As the amount of video data grows and video resolution improves, the requirement for storage space increases and it becomes more difficult and expensive for law enforcement agencies to store videos, even for a short time.
However, securely storing large amounts of video data and being able to find the data easily is now a requirement for law enforcement agencies. Legal procedures and legislation like the Freedom of Information Act require the secure transfer of full or partial government-controlled data if requested.
Even if you do have the storage space, dumping a massive amount of files into a data silo and not attempting to index or organize them in any way can render important video footage unsearchable and, therefore, useless.
The Video Storage Problem
The key elements to consider in determining storage requirements for video surveillance are the “three R’s”: retention, reliability, and resolution.
- Retention times vary by state and range from 30 days for non-evidence to seven years to indefinitely for certain crimes. The longer the retention time, the more storage a law enforcement agency needs.
- Reliability is something most in the storage industry don’t think about. Storage and storage media will eventually fail. You need to protect the data in some way, and that comes with additional storage overhead ranging from 20 percent to 300 percent, depending on the level of availability needed.
- Resolution is what most people consider when they think of video size, and that is driven by frames per second. While cameras in police cars record 1.5 gigabytes per hour at standard definition, body-worn cameras shooting at 720 HD consume about 2.5 gigabytes per hour. Increase this resolution to 1080 HD, and the storage consumption increases to 5 gigabytes per hour. Now, multiply body-worn camera storage needs by the over 900,000 sworn law enforcement officers in the U.S. alone, and you’re looking at a staggering amount of data.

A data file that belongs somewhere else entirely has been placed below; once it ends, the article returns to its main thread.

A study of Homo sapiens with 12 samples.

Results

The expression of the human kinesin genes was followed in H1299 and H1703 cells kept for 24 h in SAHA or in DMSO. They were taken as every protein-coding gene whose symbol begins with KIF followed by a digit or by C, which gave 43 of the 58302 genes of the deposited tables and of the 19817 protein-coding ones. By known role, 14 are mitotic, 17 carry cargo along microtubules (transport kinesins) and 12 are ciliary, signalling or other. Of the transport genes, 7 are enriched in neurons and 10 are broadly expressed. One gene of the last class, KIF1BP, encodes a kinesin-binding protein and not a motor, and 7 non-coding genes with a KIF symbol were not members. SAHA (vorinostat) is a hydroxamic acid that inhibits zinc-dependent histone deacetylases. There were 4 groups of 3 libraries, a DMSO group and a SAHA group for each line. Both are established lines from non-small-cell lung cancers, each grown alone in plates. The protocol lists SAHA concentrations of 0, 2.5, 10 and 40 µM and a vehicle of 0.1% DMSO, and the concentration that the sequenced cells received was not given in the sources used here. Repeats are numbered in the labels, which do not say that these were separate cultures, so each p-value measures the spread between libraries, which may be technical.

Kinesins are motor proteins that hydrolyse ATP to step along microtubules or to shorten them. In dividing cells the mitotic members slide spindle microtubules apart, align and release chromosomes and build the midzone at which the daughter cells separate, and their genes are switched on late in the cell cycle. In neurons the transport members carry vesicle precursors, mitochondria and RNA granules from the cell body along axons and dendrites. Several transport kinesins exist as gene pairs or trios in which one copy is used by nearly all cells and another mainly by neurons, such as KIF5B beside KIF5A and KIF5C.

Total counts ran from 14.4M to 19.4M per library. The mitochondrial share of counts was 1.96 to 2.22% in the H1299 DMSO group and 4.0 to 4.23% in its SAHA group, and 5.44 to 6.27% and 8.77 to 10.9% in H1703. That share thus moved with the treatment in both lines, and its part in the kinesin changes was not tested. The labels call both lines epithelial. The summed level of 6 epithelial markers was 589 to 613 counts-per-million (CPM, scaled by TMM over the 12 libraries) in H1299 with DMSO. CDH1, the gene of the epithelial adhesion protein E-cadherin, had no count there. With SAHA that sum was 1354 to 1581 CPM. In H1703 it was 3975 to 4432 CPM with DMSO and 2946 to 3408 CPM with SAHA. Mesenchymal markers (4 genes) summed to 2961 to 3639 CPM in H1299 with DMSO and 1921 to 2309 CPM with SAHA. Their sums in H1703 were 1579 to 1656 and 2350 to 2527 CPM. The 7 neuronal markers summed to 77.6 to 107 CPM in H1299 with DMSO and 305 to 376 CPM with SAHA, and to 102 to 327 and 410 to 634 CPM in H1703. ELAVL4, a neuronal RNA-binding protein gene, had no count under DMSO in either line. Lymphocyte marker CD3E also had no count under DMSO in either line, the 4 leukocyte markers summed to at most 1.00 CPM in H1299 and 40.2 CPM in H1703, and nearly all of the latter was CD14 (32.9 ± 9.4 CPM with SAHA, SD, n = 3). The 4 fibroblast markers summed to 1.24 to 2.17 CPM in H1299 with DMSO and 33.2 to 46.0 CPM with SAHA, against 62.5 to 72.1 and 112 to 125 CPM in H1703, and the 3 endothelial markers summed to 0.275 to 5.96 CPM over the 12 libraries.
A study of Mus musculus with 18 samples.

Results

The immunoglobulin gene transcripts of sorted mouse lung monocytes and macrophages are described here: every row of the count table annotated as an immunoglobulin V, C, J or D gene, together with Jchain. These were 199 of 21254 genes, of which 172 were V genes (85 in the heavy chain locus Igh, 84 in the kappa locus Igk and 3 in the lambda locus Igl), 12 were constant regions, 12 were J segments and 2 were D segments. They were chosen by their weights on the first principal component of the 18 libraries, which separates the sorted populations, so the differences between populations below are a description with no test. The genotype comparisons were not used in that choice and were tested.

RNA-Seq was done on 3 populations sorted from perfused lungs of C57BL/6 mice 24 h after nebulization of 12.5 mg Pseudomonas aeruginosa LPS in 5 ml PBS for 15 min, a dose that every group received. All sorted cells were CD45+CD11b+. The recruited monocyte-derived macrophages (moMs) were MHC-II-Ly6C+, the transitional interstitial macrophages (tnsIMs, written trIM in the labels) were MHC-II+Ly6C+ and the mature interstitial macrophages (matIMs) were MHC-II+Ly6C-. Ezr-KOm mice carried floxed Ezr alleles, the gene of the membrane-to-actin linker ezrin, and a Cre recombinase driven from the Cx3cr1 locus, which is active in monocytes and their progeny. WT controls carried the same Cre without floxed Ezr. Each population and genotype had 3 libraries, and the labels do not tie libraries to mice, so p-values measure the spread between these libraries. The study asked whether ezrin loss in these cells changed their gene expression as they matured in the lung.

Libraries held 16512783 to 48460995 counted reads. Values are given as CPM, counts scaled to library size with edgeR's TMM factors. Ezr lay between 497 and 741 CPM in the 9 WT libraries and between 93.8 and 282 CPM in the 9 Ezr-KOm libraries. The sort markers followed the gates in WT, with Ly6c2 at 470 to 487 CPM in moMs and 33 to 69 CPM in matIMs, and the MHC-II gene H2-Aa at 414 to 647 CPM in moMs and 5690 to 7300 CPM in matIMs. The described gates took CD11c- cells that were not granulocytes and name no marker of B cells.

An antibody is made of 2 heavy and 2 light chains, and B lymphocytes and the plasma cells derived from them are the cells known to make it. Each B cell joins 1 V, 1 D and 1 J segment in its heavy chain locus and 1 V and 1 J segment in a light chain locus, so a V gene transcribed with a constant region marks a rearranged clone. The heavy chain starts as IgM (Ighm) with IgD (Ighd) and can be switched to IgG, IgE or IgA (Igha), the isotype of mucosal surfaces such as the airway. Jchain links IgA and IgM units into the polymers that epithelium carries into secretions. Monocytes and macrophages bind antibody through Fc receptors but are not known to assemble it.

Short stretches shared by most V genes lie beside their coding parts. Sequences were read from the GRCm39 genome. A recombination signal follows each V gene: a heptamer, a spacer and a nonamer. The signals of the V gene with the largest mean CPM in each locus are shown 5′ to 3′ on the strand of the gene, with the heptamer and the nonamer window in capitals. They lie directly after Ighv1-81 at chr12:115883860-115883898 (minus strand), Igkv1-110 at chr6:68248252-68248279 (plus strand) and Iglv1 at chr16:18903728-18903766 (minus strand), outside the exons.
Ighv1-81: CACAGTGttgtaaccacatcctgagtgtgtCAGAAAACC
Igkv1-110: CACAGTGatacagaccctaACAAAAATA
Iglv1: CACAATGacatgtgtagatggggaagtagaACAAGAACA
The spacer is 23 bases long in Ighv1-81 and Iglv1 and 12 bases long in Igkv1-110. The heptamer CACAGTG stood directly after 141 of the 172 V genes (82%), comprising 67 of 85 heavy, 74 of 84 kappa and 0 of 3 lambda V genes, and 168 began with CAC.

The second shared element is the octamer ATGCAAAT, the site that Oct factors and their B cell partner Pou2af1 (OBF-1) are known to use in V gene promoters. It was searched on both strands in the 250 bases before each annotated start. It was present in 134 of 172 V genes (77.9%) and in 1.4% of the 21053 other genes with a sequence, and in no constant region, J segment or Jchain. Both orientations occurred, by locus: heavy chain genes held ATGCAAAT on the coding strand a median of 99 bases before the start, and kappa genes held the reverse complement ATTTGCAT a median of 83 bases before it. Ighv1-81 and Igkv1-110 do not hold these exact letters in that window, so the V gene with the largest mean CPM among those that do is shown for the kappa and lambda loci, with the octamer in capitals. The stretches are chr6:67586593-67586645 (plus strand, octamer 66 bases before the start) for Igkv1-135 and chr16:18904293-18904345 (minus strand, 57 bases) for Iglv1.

Legacy storage systems are incredibly expensive, especially considering the retention time a piece of evidence may require. One police department spends $111,000 annually to store evidence associated with just 50 cameras. Other departments are purchasing even more storage after realizing that they’re already one-third of the way through the storage they pre-purchased.
And while cloud storage may work for smaller departments, the compounding costs over time and the bandwidth necessary to move data to the cloud need to be considered. As a result, some departments are looking for public and private cloud storage that is economical; the answer is object storage.
[Editor’s note: Want to learn more? Watch for part 2 of this article next week, and join Caringo Product Manager Ryan Meek for Object Storage for Digital Evidence & Security on March 22. Register now to watch live or on-demand after the event.]
This article was originally published by Security Today.